Inclusive hiring is an essential element for workplaces to foster an inclusive company culture. On World Mental Health Day, 10 October, we will discuss the importance of inclusive hiring processes for those with mental health conditions.
Fostering an inclusive workplace, apart from providing adequate employee support, should also begin with inclusive hiring. Further, employers should also welcome some reasonable adjustments for employees who may need them.
Mental Health Conditions
Mental health conditions are a broad range of disorders that affect how a person thinks, feels, and behaves. They can range from mild to severe and can have a significant impact on a person’s life.
Some of the most common mental health conditions include:
- Anxiety disorders
- Bipolar disorder
- Eating disorders
- Obsessive-compulsive disorder (OCD)
- Post-traumatic stress disorder (PTSD)
- Substance use disorders
Mental health conditions are very common in the UK. According to Mind, one in four people in the UK will experience a mental health problem each year. This means that there are millions of people in the UK living with mental health conditions.
Mental health conditions can affect anyone, regardless of age, gender, ethnicity, or social status. However, some groups of people are more likely to experience mental health problems than others. For example, people living in poverty, people who have experienced trauma, and people from ethnic minority groups are all at higher risk of developing mental health problems.
The Equality Act on Mental Health Conditions
The Equality Act 2010 is a law that protects people from discrimination based on protected characteristics, including disability. Mental health conditions are considered to be disabilities under the Equality Act.
This means that employers cannot discriminate against job seekers or employees based on their mental health condition. This includes discrimination in recruitment, selection, promotion, training, and dismissal.
The Importance of Inclusive Hiring Processes
Inclusive hiring is the practice of recruiting and hiring people from all backgrounds, including people with mental health conditions. Employers need to be inclusive because it allows them to tap into a wider pool of talent and find the best candidates for their roles.
People with mental health conditions can bring many valuable skills and perspectives to the workplace. They are often creative, resilient, and empathetic. They may also have valuable experience in managing their condition, which can be helpful in other areas of life, such as work.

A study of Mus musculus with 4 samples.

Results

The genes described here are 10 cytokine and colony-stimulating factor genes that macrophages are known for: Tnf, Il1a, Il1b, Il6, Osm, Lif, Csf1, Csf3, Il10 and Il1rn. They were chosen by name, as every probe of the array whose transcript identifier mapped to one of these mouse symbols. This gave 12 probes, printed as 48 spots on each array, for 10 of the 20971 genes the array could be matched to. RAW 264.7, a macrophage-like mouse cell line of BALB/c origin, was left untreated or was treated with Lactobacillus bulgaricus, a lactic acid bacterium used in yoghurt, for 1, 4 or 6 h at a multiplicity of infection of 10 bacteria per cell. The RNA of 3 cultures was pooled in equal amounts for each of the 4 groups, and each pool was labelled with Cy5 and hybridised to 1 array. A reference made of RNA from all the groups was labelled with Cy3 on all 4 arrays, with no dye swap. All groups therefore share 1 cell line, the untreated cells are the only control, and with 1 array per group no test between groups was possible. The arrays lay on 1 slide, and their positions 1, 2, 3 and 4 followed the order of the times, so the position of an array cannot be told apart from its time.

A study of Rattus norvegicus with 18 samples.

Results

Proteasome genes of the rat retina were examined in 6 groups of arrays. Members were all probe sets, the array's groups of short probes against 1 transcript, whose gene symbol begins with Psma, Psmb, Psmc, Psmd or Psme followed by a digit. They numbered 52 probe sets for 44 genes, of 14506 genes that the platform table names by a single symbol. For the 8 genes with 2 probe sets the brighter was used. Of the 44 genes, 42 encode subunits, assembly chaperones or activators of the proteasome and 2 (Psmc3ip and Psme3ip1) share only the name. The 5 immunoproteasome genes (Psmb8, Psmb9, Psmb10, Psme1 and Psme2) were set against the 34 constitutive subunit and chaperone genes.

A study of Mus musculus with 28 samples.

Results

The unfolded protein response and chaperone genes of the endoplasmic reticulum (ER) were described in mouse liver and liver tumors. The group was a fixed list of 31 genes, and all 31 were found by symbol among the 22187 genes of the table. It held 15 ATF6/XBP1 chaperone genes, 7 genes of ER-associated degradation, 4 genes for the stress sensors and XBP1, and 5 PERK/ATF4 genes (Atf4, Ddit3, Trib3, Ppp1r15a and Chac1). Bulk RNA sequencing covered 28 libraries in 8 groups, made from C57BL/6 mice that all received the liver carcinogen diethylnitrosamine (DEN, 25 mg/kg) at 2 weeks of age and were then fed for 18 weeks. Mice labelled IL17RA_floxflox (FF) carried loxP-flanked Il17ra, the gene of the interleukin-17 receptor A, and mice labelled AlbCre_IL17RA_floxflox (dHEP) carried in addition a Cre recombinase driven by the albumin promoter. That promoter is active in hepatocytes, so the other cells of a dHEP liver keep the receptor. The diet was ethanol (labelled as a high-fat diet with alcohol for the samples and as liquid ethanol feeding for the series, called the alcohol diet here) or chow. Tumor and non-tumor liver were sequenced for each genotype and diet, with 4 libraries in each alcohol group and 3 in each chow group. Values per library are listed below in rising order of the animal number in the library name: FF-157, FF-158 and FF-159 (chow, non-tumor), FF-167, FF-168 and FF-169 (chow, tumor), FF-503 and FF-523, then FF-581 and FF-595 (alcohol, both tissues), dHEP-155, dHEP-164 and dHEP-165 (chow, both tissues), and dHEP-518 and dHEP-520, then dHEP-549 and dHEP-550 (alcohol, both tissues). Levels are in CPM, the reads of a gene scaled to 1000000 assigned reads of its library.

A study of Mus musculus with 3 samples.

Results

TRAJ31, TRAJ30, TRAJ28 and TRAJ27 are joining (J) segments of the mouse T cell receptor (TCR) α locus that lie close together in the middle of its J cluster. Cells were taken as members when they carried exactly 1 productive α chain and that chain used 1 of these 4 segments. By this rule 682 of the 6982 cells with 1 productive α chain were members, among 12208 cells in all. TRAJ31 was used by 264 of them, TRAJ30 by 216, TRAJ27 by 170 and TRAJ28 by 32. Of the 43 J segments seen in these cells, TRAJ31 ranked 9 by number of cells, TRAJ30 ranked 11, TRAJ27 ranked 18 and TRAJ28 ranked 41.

Inclusive hiring is also beneficial for job seekers with mental health conditions. It allows them to find jobs where they are valued and respected for their skills and abilities. It can also help to reduce stigma and discrimination around mental health conditions.
Job seekers are not required to disclose their mental health condition during hiring. However, some people may choose to disclose their condition to request reasonable adjustments or to be transparent about their needs.
If you choose to disclose your mental health condition during the hiring process, it is important to do so in a way that feels comfortable for you. You may want to talk to the recruiter or hiring manager directly, or you may want to write a letter or email.
It is also important to remember that you do not have to disclose any more information than you feel comfortable disclosing. You are not required to provide medical documentation or to go into detail about your symptoms.
For employers, inclusive hiring can be done through the implementation of the following:
- Inclusive Job Descriptions: It is important to use gender-neutral language and avoid biased terminology. Be clear and concise in your job requirements and description of the role. This will help ensure that all qualified candidates feel welcome to apply
- “Blind” Application Reviews: Omitting identification details when reviewing applications to ensure objectivity and avoid unconscious biases.
- Establishing Accessible Processes: Acknowledging that disability may hinder the process for some candidates, employers should keep the entire process accessible. This can be done through providing more readable content and closed captions.
Inclusive Hiring: the Process of Reasonable Adjustments
Reasonable adjustments are changes that employers can make to the workplace or to the way they work to accommodate people with disabilities. This includes people with mental health conditions.
Some examples of reasonable adjustments that employers can make include:
- Flexible working arrangements, such as the ability to work from home or to have reduced hours
- A quiet place to work
- Regular breaks
- Support from a colleague or mentor
- Access to mental health support services
If you need reasonable adjustments in the workplace, you should talk to your employer. They should be able to work with you to find adjustments that meet your needs and allow you to do your job effectively.